Lloyd Noble Center
|Location||2900 Jenkins Avenue
Norman, Oklahoma 73072
|Owner||University of Oklahoma|
|Operator||University of Oklahoma|
|Opened||October 27, 1975|
|Construction cost||$6 million
($26.7 million in 2016 dollars)
$17.1 million (renovation)
|Architect||Sorey, Hill & Sorey
Ellerbe Becket (renovations)
|Oklahoma Sooners (NCAA DI) (1975–present)|
The Lloyd Noble Center is an 11,562-seat multi-purpose arena located in Norman, Oklahoma, some 19 miles (31 km) south of downtown Oklahoma City. It opened in 1975 and is home to the University of Oklahoma men's and women's basketball teams.
Before the construction of the facility, the teams played in the much smaller OU Field House, located on campus near Oklahoma Memorial Stadium. With the success of Sooner basketball in the 1970s and star forward Alvan Adams, demand became sufficient to upgrade to the modern and spacious Lloyd Noble Center, named after an alumnus and former member of the OU Board of Regents who gave OU's first ever $1 million gift to finance the center. The Sooners frequently sold out the arena during the Billy Tubbs era, with All-American forward Wayman Tisdale leading the high-scoring team to several Big Eight Conference titles and NCAA Tournament appearances. This led to the popular colloquialism around Norman that Lloyd Noble Center is "the house that Alvan built and Wayman filled."
In January 2006, the NBA and the New Orleans Hornets decided to move two games from the Pete Maravich Assembly Center in Baton Rouge to Oklahoma City due to the devastation of Hurricane Katrina and the subsequent low attendance it caused. The Ford Center in Oklahoma City was unavailable for one of the games against the Sacramento Kings, so it was moved to the Lloyd Noble Center.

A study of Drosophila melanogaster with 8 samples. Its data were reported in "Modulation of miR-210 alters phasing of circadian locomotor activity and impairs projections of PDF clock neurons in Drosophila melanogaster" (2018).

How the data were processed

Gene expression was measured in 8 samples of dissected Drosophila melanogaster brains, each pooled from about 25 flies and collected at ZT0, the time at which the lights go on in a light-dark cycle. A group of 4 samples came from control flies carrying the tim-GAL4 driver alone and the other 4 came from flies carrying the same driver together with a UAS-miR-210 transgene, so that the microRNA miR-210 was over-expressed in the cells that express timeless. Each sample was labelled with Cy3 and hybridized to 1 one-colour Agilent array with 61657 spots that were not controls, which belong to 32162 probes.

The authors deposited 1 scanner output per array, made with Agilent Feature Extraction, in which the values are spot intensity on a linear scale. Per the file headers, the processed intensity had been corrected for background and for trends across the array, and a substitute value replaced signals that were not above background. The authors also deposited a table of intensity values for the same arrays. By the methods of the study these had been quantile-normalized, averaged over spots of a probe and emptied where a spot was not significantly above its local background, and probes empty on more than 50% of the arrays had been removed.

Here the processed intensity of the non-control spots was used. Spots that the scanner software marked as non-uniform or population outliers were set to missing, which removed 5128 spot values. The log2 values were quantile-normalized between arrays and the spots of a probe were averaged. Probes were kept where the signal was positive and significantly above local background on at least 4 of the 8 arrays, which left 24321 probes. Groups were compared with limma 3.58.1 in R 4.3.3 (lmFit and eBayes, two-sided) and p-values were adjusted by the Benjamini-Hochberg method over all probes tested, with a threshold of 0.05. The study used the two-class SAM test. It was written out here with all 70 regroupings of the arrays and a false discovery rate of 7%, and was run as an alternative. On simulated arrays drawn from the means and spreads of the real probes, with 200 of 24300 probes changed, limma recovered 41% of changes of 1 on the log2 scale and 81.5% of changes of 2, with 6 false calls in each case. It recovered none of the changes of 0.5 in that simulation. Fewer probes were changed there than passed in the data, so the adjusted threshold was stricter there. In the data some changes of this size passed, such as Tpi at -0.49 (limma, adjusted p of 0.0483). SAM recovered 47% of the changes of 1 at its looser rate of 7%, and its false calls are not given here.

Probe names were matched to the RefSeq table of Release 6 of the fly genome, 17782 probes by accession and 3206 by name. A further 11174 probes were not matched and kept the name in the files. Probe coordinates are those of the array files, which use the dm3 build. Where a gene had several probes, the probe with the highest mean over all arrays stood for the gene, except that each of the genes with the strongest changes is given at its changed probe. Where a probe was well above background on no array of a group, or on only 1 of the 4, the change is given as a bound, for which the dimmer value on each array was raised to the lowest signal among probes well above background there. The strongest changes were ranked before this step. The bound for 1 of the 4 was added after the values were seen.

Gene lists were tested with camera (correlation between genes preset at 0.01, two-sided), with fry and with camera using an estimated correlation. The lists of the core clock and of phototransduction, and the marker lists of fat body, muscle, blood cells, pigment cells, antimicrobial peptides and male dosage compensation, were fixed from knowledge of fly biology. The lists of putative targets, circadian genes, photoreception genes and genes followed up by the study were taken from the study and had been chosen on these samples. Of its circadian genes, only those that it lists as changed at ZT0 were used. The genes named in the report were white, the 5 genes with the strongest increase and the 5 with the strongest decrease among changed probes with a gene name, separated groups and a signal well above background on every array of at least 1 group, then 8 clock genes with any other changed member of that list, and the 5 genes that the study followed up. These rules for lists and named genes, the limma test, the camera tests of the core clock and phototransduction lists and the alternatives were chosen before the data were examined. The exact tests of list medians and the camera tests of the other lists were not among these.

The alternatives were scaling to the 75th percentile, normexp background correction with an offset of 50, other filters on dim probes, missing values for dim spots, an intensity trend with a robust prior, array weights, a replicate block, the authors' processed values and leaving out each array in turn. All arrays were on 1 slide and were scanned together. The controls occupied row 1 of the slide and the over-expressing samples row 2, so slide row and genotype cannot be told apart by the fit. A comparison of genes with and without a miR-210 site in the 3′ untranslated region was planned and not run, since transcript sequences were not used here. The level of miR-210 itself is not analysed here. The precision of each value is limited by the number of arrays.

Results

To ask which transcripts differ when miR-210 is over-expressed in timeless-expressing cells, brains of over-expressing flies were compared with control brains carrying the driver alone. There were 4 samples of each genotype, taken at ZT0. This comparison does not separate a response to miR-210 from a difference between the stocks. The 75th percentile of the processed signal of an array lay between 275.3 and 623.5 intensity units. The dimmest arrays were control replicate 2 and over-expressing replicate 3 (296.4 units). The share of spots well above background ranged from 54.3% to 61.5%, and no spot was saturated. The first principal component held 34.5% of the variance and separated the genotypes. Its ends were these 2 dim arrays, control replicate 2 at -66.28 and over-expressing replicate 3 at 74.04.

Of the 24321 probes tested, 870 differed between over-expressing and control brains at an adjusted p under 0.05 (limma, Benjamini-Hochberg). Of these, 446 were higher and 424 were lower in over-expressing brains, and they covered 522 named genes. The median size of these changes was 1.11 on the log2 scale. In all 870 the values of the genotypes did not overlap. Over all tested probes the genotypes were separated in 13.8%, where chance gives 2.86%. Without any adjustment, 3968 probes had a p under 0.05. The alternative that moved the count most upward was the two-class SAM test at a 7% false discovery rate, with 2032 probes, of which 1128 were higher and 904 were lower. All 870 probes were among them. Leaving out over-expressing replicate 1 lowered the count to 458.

As a concert venue, the Lloyd Noble Center can hold between 2,848 and 4,516 in a theater set-up, 6,165 for end-stage concerts, and 11,238 for center-stage concerts. The arena contains 18,000 square feet (1,700 m2) of arena floor space as well as 22,534 square feet (2,093.5 m2) of concourse space, allowing for trade shows to be held at the arena. The arena stands only 51 feet (16 m) tall since the majority of the structure is under ground (including the entire lower arena level), and contains a 40-by-60-foot portable stage and a state-of-the-art scoreboard and video system. There are 12 concession stands at the concourse.
- Federal Reserve Bank of Minneapolis Community Development Project. "Consumer Price Index (estimate) 1800–". Federal Reserve Bank of Minneapolis. Retrieved January 2, 2017.
- Upchurch, Jay C. (2003). "The House That Basketball Built". Sooner Magazine. Archived from the original on January 7, 2004. Retrieved November 10, 2013.
- Chronicles of Oklahoma. Oklahoma City: Oklahoma Historical Society. 1993. p. 366.